By Tim Radford / Climate News Network

    Investment in renewable energy such as solar, pictured, is reducing emissions and water usage in drought-hit California. (Atomic Hot Links via Flickr)

This Creative Commons-licensed piece first appeared at Climate News Network.

LONDON — Going green by switching to renewable sources of electricity could be good business for the US, according to new research.

A report by researchers at the Lawrence Berkeley National Laboratory in California says that cutting greenhouse gas emissions meant that the US as a whole was $2.2 billion better off in 2013.

And as a result of reductions in other forms of air pollution associated with burning coal, diesel and oil, in accordance with legislation known as state renewable portfolio standards (RPS), the US was perhaps $5.2 billion the richer.

The RPS are state impositions on utility companies, requiring them to generate a proportion of their electricity from sources that do not burn fossil fuels and thus stoke global warming by emitting the greenhouse gas, carbon dioxide.

Different requirements

The requirements differ from state to state, and only 29 US states and Washington DC right now have such standards. Some states are contemplating revising or extending their standards.

Some US researchers have repeatedly argued that wind and solar sources could power the entire US. But in a nation in which only 44% of people accept the evidence of climate change, there is no rush to put such arguments to the test.

But the differences such legislation makes are measurable — sometimes with surprising precision. Because fossil fuel-burning power plants use water to turn into steam to drive turbines, and as coolant, the standards save water. In 2013, utilities reduced their withdrawals by 830 billion gallons and cut consumption by 27 billion gallons.

The greatest share of jobs generated by renewable energy
industries was in California, which in 2013 invested
heavily in photovoltaic generation.

The report’s authors call their findings “impacts”, rather than benefits, because what might benefit one part of the economy imposes a cost somewhere else.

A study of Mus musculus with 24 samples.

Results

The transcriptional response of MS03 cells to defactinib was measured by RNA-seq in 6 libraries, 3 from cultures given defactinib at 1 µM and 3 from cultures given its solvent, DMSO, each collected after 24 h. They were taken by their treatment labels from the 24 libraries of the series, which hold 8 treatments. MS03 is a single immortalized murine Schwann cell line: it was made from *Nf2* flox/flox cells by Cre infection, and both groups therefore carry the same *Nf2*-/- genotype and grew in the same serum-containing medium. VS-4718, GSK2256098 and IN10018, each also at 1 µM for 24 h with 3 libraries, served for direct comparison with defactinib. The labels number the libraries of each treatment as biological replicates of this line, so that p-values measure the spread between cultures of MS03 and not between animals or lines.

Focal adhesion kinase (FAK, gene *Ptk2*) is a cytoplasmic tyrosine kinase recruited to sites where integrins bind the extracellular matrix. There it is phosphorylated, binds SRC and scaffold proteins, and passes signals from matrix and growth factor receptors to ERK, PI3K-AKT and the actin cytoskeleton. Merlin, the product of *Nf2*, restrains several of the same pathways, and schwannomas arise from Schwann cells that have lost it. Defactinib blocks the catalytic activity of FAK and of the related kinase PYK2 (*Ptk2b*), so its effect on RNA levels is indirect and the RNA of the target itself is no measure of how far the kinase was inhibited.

And their study is careful to embrace all the uncertainties of calculations that involve not just industrial book-keeping but social economics such as health costs and environmental benefits.

So the benefits from greenhouse gas reduction overall — a drop of 59 million tonnes — could be as high as $6.3 billion, or as low as $0.7bn, depending on how you do the accounting. Reductions in air pollution could deliver health benefits valued at $2.6bn or $9.9bn, depending on how you calculate, and then put a value upon, reductions in premature mortality.

The authors found that RPS policies supported 200,000 jobs in renewable energy-related businesses, and saved consumers $1.2bn in reduced electricity prices and somewhere between $1.3bn and $3.7bn in reduced natural gas prices, because renewable sources displaced natural gas generation.

Vulnerable states

Although the accounting was conducted on a national basis, the report recognises that some states may have experienced more impact than others. The people who felt most keenly the reduction in sulphur dioxide emissions — down by 77,400 tonnes — from coal-fired plant were mostly in the Great Lakes, Northeast, Mid-Atlantic and Texas regions.

The people who benefited most from reductions in water withdrawal were in California and Texas — both states that are vulnerable to drought.

And the greatest share of jobs generated by renewable energy industries was in California, which in 2013 invested heavily in photovoltaic generation.

Altogether, the 29 states produced 98 terawatt-hours in 2013 (98 million megawatt-hours) of “new” renewable energy — that is, from plant built after the RPS standards were made into legislation. One megawatt-hour is roughly equal to the total amount of electrical energy used by about 330 US homes during one hour.

Although the new energy is just 2.4% of nationwide electricity generation, it represents a 3.6% drop in total fossil fuel generation.

Tim Radford, a founding editor of Climate News Network, worked for The Guardian for 32 years, for most of that time as science editor. He has been covering climate change since 1988.